Why India’s Semi-Final Loss Feels Like a Familiar Heartbreak


Illustration: Robin Chakraborty


But four players have featured in each of the losses – Mahendra Singh Dhoni, Virat Kohli, Rohit Sharma, and Ravindra Jadeja. For the quartet, some may call it the bedrock of India’s white-ball cricket, Wednesday was the second straight loss in a World Cup semi-final.

In addition to these big names, Bhuvneshwar Kumar was also part of the team that lost the 2014 World T20 final to Sri Lanka. Two years later, in the WT20 semi versus the West Indies, the aforementioned quartet was joined by Jasprit Bumrah and Hardik Pandya who had become an integral part of the side by then. Bhuvneshwar joined them and the rest for the 2017 Champions Trophy final that India lost against Pakistan.

Although the Men in Blue often win at cricket, irrespective of the format, the failure to win knockout games must sting. Particularly so because the team is proud of its habit of winning. However, the “45 minutes of bad cricket” that Kohli identified as the reason for the defeat to New Zealand was not merely an aberration.



Of course, there were extenuating circumstances in each of those matches. Both Australia and Pakistan set huge targets for the much-vaunted Indian batting, thereby causing a mini collapse in the face of a daunting required rate. In the 2016 WT20 semi, Lendl Simmons played a blinder while Lasith Malinga and the Kiwi pacemen produced a wonderful exhibition of fast bowling under differing conditions in other matches.

This may be seen as an excuse but opponents seem to unexpectedly raise their game for knockout matches against India. And they are not always the usual suspects. Just sample the displays of Simmons, Fakhar Zaman, and Matt Henry. They were probably not players who would have been identified as a major threat by the Indian side, but their contribution exceeded their reputation.

Irrespective of who hurts India, though, the extended streak of failures in crunch games has a power of its own to leave longer scars.

Irrespective of who hurts India, though, the extended streak of failures in crunch games has a power of its own to leave longer scars. Teams can come to be defined by such defeats. Just ask New Zealand. They lost six semi-finals in a row before finally cracking the code at the last World Cup. South Africa is another example, a side that seems to be paralysed by its past losses whenever a major tournament comes calling. So much so that they are branded the chokers. 

Sportspersons often talk about treating a knockout match like any other game but it remains a serious challenge nevertheless. As the calmer ones say, you must pretend like nothing special is happening even when it is. Perhaps, self-deception is the answer.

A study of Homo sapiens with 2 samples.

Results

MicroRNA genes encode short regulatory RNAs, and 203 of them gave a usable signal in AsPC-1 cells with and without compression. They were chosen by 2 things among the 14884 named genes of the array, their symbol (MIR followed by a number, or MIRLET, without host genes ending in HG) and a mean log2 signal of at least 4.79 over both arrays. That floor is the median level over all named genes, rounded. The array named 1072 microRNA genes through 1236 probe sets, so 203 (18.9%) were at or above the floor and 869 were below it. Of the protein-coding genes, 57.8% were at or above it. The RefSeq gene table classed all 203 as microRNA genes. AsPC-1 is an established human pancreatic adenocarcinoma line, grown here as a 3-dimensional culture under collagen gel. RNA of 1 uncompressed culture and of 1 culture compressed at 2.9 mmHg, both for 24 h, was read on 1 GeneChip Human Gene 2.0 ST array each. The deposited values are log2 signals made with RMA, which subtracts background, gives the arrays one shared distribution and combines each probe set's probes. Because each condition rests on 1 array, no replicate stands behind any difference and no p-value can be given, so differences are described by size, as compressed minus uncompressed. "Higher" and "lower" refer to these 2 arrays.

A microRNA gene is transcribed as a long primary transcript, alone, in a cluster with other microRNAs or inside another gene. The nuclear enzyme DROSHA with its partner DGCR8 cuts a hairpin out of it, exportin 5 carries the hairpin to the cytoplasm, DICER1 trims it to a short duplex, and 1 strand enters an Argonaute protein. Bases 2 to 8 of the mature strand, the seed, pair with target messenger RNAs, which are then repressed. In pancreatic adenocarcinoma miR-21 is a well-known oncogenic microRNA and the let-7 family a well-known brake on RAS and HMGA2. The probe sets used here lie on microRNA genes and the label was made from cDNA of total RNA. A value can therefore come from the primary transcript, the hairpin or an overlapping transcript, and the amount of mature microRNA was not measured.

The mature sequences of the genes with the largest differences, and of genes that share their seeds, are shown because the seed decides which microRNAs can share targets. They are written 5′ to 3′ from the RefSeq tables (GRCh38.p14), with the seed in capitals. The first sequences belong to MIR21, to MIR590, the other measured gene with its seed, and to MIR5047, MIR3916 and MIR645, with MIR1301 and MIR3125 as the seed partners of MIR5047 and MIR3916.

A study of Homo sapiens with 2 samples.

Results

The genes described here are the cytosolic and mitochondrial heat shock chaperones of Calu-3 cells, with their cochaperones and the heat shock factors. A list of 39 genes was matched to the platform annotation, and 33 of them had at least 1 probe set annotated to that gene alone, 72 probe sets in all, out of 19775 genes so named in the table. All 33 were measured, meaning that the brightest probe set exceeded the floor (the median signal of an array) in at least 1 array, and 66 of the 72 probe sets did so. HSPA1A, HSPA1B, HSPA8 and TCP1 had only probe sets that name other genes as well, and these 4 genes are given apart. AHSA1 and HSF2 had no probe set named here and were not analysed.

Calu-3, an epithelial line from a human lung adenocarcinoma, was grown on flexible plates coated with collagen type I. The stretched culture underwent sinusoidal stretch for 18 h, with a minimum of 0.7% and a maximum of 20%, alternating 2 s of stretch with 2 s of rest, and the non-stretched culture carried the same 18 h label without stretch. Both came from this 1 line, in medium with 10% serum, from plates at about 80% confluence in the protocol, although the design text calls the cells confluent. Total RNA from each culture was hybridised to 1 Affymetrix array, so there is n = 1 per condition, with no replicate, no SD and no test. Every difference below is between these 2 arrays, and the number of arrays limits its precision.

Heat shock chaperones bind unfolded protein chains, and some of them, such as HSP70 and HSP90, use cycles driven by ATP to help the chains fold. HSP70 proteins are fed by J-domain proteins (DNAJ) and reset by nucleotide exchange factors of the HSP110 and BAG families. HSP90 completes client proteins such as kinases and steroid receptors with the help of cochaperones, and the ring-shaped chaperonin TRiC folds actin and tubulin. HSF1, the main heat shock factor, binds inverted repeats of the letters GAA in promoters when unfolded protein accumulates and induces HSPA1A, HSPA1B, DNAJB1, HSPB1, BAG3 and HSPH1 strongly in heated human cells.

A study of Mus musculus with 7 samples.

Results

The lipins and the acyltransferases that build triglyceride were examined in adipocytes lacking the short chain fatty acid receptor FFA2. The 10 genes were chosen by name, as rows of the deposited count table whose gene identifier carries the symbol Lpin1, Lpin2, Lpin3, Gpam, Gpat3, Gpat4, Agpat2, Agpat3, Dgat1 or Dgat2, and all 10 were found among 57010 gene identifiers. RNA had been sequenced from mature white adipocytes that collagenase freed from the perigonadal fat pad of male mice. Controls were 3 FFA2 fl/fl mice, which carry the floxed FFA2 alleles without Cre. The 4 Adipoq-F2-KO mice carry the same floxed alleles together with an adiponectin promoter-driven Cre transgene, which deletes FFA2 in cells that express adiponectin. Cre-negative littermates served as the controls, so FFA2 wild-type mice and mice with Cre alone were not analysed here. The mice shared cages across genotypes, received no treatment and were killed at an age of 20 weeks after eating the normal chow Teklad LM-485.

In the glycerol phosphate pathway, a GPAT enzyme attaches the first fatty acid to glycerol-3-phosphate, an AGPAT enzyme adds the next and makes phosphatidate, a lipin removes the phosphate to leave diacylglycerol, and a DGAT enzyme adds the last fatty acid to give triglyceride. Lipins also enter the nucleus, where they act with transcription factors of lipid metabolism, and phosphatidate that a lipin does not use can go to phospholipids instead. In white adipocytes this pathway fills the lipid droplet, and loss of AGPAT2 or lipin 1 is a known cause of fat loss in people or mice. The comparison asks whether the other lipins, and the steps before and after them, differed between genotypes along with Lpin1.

It is, of course, a fool’s endeavour to dissect what goes on in the mind of Indian players. It is not as if nerves have gotten the better of them. Rather, worryingly, the gap between performances has been too wide to bridge, sometimes owing to skill. In a tight game like the semi-final on Wednesday, it was the attacking mindset and bowling plans of the Kiwis that made the difference. Steve Smith’s careful manoeuvring of the field in the 2015 World Cup semifinal is another instance that comes to mind. The Indians came up significantly short on each occasion.

The trouble for India is that, before Wednesday, only once had it come close to winning in the knockout matches discussed here – the World T20 semi in 2016. As the team moves on from the latest disappointment, it might be worth pondering why the big-match occasion has turned out to be an overwhelming prospect for serial winners.

With a few members of this squad unlikely to feature in the team’s plans for the next major tournament, the World T20 in Australia at the end of 2020, it is important that those who stay behind address the multiple failures in ICC tournaments that threaten to spoil the legacy of an exceptionally talented bunch of cricketers. Although one is unlikely to regard Kohli, Rohit, Hardik, Bumrah, or Bhuvneshwar as “bottlers”, some of the strange tactical choices over the past month give a cause for worry. For instance, the fiddling with the middle order barely instilled any confidence in the team’s batting resources. India trusted Kedar Jadhav for the majority of two years before giving his place to Dinesh Karthik for the fag end of this World Cup campaign. Even on Wednesday, it was baffling to see Dhoni bat as low as number seven when the team had lost its most accomplished batsmen early. The incongruity of Hardik Pandya batting ahead of the former skipper was hard to reconcile.

Perhaps, one success will pave the way for multiple breakthroughs in the coming years. To convince itself, India does not need to look further than its most recent opponent – the Kiwis. On Sunday, they return to the stage that they reached for the first time four years ago. The World Cup final.

As for India, it’ll be another four years before the World Cup comes home. The next edition will be played in the country and, for some of the players who lost on Wednesday, it would be a chance at redemption. They will  hope that a home World Cup will bring the trophy for a third time. It’s going to be a long uneasy wait.